Do I have to talk about my childhood?

One of the most common questions that clients ask me is “Do I have to talk about my childhood?” A therapist should never try and force a client to talk about anything they don’t want to, and it must be recognised that some clients find talking about their past experiences very difficult. However, it might be useful to think about the importance of addressing your childhood in therapy and the benefits this could bring.


This article gives seven reasons why talking to your therapist about your childhood may be helpful for you.

7 reasons why talking about your childhood during therapy can help

1. Remembering the past

As adults, we have busy lives and tend to focus on our day-to-day functioning. It can be useful to spend some time reflecting on the past and thinking about which memories are evoked. You may realise that significant events which occurred during childhood actually still influence you today.

2. Working through repressed emotions

If events in our childhood have not been adequately processed, complex emotions connected to such events can be repressed. These repressed feelings can influence the capacity to move forward as an adult and can manifest in conditions such as anxiety and depression. Spending time focusing and revisiting difficult childhood emotions can prove to be an incredibly therapeutic and freeing experience.

3. Reviewing your attachment style

Our early experiences with our caregivers can set a template for our adult relationships. Thinking about the characteristics of our early interaction between parent and child can help us to reflect on the quality of our relationships in later life. While it may be impossible to remember your exact experiences at such a young age, your therapist can help you to think about your family environment and the pattern of care you received. This can help you to understand how you interact with different people in your life now.

4. Understanding your place within groups

Clients often come to therapy and wish to talk about their experiences functioning in groups. This may be at work, at university or within friendships. To help clients to understand their roles with adult groups, it is often useful to reflect on their roles within their family of origin. Patterns of relating to family members during childhood can often be repeated throughout life. By understanding and analysing your role in the family, you may gain greater insight into the roles that you fall into as an adult.

5. Sibling rivalry

The relationship with your siblings as a child may hold important clues about how you interact with others as an adult. Childhood can often be a place where sibling rivalry, jealousy or competitiveness prevails. By reviewing and reflecting on these experiences, you may see similar patterns taking place in your adult relationships. The knowledge of where such feelings originate from can enable relationships to be viewed through a fresh mindset and therefore evoke change.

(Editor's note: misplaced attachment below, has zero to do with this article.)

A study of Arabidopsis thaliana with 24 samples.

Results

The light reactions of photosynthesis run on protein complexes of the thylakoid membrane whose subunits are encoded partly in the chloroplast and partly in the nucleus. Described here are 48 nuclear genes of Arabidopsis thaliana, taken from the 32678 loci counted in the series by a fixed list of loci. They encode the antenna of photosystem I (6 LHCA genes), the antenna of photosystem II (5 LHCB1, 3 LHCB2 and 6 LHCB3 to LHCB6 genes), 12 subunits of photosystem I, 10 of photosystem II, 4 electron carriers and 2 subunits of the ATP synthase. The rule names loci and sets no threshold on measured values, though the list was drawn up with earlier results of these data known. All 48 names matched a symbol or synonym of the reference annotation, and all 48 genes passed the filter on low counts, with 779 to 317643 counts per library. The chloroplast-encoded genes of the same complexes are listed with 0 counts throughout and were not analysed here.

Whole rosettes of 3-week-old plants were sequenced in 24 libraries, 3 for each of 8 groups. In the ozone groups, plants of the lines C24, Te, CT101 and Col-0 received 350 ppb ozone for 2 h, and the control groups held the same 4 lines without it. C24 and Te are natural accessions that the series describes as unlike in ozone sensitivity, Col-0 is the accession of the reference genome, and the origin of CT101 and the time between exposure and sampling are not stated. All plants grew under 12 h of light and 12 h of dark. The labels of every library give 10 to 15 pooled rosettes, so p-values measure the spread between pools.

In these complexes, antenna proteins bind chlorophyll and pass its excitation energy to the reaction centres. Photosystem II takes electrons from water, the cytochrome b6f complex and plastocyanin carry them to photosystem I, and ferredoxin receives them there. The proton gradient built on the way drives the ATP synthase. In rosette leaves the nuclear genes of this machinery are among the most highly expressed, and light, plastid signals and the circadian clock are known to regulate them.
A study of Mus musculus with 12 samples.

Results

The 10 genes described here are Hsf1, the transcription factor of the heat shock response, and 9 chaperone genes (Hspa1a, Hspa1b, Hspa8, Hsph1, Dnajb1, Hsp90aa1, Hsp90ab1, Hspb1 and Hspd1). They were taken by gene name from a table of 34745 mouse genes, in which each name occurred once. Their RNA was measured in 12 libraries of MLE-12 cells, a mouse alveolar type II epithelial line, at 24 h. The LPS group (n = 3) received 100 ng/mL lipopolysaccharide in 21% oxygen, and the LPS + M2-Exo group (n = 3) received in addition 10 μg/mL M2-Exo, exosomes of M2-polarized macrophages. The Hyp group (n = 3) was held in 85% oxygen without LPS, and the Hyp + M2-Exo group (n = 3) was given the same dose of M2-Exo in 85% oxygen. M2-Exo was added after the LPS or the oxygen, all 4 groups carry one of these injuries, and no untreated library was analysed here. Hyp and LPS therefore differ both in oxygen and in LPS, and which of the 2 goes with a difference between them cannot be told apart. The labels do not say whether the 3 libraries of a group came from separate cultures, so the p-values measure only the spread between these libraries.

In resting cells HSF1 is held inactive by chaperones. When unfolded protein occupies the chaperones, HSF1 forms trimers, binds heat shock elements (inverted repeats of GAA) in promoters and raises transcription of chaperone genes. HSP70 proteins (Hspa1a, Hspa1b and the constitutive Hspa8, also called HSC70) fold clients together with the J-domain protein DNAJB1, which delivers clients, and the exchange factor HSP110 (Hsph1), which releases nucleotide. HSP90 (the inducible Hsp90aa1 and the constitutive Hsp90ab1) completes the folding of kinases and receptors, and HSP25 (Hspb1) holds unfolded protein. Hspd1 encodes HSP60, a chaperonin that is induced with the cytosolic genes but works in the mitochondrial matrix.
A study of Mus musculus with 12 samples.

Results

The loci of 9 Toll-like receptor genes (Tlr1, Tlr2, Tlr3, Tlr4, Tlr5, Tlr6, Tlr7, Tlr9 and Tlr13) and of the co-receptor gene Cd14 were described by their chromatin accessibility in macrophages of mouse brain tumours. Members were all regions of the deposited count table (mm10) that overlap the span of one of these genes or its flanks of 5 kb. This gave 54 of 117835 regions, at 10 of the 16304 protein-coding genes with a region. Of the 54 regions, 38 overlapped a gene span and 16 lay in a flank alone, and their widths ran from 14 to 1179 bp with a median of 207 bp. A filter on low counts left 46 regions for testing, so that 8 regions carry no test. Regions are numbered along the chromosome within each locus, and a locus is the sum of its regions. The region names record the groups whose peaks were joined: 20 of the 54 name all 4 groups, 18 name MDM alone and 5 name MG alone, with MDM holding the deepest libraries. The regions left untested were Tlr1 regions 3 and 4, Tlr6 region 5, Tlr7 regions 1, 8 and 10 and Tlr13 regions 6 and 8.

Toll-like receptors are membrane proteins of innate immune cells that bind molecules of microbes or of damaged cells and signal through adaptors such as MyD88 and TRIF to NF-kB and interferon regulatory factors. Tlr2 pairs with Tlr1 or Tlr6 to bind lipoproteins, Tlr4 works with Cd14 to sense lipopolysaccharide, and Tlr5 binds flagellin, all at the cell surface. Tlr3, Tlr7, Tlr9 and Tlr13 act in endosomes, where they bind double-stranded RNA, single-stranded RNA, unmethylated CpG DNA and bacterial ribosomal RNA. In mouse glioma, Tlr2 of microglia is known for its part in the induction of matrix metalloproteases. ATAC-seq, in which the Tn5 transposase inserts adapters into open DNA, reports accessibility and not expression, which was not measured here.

6. Coping with grief

After the death of a family member, particularly a parent, it can be difficult to know how to move forward. A therapist can help you to cope with your feelings of grief, and to process the complex emotions which arise. Reviewing childhood relationships with the deceased parent can help to create a fuller understanding of the relationship you shared.

7. Gaining a new perspective

As an adult, it can be useful to look back on the stages of childhood and adolescence with a new perspective and this can enable you to view yourself in a different way. With the benefit of hindsight and experience, you may be able to view your younger self with more compassion.

Navigating through childhood experiences can be a challenging and emotional part of therapy. However, with the help of a supportive and competent therapist, there is much to be gained from revisiting the past and ultimately can lead to a greater understanding of your adult self that will allow you to move forward in life with greater clarity.

The views expressed in this article are those of the author. All articles published on Counselling Directory are reviewed by our editorial team.

Written by Isobel Brooks, BSc, MSc, MBACP (Accred)
Basingstoke, Hampshire, RG23 8PY

Isobel Brooks is a Psychodynamic Psychotherapist working in private practice in Basingstoke. ( She offers both face to face and online sessions. Isobel also works part-time for Basingstoke Counselling Service.